03 February 2015

Scrutinizing Sonia Sotomayor on Judicial Activism

Sonia Sotomayor on Judicial Activism   

 When speaking before the Forum Club in Palm Beach and the Palm Beach County (Florida) Bar Association,  Associate Supreme Court Justice Sonia Sotomayor dismissed concerns about judicial activism by denying that it exists.  She later elaborated: "What you will find out is that both sides always base it on a legal analysis. We don't come to our conclusions willy-nilly or arbitrarily. There won't be any decision you read where you will think that a judge is an activist." But Sotomayor's pithy quip raises questions about her judicial philosophy. 

 While the "Wise Latina" has occasionally uttered allegiance the rule of law and that the role of a judge is not to make the law but to apply it, Sotomayor sometimes seems content to include herself in the process. Sotomayor earned the moniker during her Senate confirmation hearings when she refused to renounce her inspiring words about being a "Wise Latina" judge who would make better decisions. Sotomayor tried to walk back the exclusivity of the exclamation, but that is hard when you say: "I would hope that a wise Latina woman with the richness of her experiences would more often than not reach a better conclusion than a while male who hasn't lived that life." 

 As Justice Sotomayor was publicizing her autobiographical book Mi mundo adorado / My Beloved World (2013), she revealed to the New York Times that:
“It is my great hope that I’ll be a great justice, and that I’ll write opinions that will last the ages. But that doesn’t always happen. More importantly, it’s only one measure of meaning in life. To me, the more important one is my values and my impact on people who feel inspired in any way by me....Serving as a role model is the most valuable thing I can do.”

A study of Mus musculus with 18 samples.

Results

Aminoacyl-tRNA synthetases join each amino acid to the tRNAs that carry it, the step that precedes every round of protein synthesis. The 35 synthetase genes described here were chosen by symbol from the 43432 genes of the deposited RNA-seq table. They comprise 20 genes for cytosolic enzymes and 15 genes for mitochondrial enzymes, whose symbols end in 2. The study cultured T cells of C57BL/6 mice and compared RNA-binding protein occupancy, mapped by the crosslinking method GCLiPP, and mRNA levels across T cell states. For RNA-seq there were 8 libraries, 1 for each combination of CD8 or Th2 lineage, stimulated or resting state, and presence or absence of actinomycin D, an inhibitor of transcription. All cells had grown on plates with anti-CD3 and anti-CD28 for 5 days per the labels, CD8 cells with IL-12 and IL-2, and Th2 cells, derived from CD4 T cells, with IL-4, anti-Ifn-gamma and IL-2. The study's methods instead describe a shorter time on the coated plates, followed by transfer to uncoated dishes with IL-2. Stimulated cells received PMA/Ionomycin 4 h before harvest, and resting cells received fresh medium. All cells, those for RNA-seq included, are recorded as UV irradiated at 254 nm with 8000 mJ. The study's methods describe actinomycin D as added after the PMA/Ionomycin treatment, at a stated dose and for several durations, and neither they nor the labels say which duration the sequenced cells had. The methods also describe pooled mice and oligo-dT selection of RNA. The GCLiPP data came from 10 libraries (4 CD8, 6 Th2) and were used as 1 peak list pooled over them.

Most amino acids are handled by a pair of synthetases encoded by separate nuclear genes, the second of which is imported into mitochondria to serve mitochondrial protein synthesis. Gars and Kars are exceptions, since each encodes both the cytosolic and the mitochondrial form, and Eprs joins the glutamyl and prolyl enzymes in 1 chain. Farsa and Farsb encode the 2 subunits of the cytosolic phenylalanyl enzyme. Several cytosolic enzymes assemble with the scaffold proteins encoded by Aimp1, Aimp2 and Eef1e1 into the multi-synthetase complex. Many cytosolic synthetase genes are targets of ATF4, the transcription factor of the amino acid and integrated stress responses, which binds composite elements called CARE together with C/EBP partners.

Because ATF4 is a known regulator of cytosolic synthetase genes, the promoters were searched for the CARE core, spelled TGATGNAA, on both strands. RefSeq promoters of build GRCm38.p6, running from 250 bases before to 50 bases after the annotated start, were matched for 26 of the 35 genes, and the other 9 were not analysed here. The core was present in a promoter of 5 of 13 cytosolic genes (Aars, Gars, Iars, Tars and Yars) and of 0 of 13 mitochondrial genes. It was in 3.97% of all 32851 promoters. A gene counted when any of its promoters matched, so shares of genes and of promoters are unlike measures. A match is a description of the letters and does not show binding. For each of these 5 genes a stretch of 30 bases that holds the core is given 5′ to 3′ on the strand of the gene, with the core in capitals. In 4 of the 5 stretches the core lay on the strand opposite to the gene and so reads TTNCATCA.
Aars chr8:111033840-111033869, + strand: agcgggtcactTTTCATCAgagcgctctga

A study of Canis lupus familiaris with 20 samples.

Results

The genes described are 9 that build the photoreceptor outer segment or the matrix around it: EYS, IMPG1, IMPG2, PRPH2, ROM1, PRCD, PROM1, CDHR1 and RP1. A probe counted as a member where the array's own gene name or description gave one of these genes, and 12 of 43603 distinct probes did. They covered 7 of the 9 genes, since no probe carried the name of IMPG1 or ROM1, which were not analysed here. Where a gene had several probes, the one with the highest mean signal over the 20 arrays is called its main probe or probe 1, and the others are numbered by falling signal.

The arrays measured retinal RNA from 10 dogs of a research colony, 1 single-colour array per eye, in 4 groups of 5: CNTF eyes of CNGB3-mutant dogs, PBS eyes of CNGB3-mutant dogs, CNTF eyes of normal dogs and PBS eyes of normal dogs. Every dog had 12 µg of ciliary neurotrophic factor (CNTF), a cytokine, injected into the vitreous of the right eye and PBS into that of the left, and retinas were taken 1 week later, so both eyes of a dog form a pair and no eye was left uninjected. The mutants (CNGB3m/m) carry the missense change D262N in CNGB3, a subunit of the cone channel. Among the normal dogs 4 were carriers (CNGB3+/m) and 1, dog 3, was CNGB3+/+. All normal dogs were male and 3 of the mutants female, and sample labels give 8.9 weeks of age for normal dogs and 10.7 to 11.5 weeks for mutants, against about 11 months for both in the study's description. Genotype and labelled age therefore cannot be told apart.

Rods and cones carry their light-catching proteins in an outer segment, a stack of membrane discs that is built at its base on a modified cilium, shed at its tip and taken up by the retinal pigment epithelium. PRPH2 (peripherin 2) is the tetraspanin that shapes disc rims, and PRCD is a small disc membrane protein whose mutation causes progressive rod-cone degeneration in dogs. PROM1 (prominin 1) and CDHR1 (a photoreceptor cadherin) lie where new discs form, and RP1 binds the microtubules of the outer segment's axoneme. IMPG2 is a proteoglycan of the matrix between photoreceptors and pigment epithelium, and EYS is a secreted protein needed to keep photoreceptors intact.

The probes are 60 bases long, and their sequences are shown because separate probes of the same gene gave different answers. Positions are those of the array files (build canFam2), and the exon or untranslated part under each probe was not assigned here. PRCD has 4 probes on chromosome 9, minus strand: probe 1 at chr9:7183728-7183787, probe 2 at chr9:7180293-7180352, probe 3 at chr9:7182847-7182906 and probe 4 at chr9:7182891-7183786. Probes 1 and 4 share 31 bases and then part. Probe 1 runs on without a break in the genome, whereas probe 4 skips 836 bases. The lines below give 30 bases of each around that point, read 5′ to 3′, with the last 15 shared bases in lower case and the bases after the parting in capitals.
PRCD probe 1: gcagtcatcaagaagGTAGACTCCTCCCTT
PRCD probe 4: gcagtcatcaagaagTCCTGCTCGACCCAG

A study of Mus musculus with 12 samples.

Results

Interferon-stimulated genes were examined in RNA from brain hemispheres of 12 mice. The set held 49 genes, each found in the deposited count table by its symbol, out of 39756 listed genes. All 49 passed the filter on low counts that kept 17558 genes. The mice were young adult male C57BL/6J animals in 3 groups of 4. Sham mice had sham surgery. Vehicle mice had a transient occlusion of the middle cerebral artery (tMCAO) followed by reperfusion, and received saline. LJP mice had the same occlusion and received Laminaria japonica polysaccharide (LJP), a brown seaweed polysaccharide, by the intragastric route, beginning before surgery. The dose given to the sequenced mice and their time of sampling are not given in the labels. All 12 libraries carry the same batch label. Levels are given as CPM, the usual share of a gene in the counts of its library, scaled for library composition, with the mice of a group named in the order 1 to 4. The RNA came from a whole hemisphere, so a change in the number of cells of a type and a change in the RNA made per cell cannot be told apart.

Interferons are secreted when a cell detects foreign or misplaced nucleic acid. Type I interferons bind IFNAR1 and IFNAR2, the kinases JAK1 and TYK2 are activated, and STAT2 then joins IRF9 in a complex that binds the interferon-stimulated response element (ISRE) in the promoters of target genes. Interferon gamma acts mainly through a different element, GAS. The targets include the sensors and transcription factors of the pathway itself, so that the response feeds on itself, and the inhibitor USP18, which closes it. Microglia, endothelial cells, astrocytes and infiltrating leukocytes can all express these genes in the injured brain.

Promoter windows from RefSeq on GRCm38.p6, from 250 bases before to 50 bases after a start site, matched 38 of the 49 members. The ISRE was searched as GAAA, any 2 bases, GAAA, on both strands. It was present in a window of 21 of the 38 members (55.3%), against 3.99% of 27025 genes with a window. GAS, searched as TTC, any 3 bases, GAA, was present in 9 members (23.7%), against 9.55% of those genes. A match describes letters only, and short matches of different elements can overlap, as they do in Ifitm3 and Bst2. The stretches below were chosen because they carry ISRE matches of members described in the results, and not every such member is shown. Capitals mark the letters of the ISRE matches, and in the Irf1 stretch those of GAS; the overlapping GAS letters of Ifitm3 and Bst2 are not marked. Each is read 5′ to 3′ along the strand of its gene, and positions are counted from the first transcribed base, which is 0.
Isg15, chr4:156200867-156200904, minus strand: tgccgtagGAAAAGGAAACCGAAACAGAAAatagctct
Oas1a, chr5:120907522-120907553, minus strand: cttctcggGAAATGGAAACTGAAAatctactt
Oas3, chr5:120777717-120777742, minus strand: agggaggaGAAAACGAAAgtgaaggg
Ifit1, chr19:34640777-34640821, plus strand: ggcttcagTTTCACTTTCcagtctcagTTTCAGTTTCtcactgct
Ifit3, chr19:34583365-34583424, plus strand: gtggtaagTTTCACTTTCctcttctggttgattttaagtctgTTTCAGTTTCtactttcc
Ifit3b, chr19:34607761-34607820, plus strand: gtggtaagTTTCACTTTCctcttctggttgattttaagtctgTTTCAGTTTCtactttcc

But does a consciousness on being a role model make for a sort of judicial activism which inserts the self into a rendering of justice?

Justice Sotomayor has been candid about how her unconventional background permeates her position.  As she has said: "Since I have difficulty defining merit and what merit alone means - and in any context, whether it's judicial or otherwise - I accept that different experiences in and of itself, bring merit to the system."  Moreover,  Sotomayor has mused that: "Personal experiences affect the facts which judges choose to see."  And Tea Party types hold that silly thought that justice is blind.

 Justice Sotomayor has even reached out to the crumb chasers  with her appearance  on Sesame Street in which the dialogue sounded as leaden as the cafecita.


 While the baby talk explanation of what her job is works for the kinder care sect, one wonders if it reveals a fundamental misunderstanding of Justice Sotomayor's role on the Supreme Court.   Sotomayor describes her duties as being a judge who solves arguments by giving his or her opinion. Really?  As the nation's highest court, SCOTUS determines the law not solving arguments.  Is this done through giving one's opinion or through judicial interpretation (her opinion on the law)?

No wonder Justice Sotomayor does not believe in judicial activism as it seems like the root of her judicial philosophy with a veneer of the rule of law and the spiff of class conscious inspiration.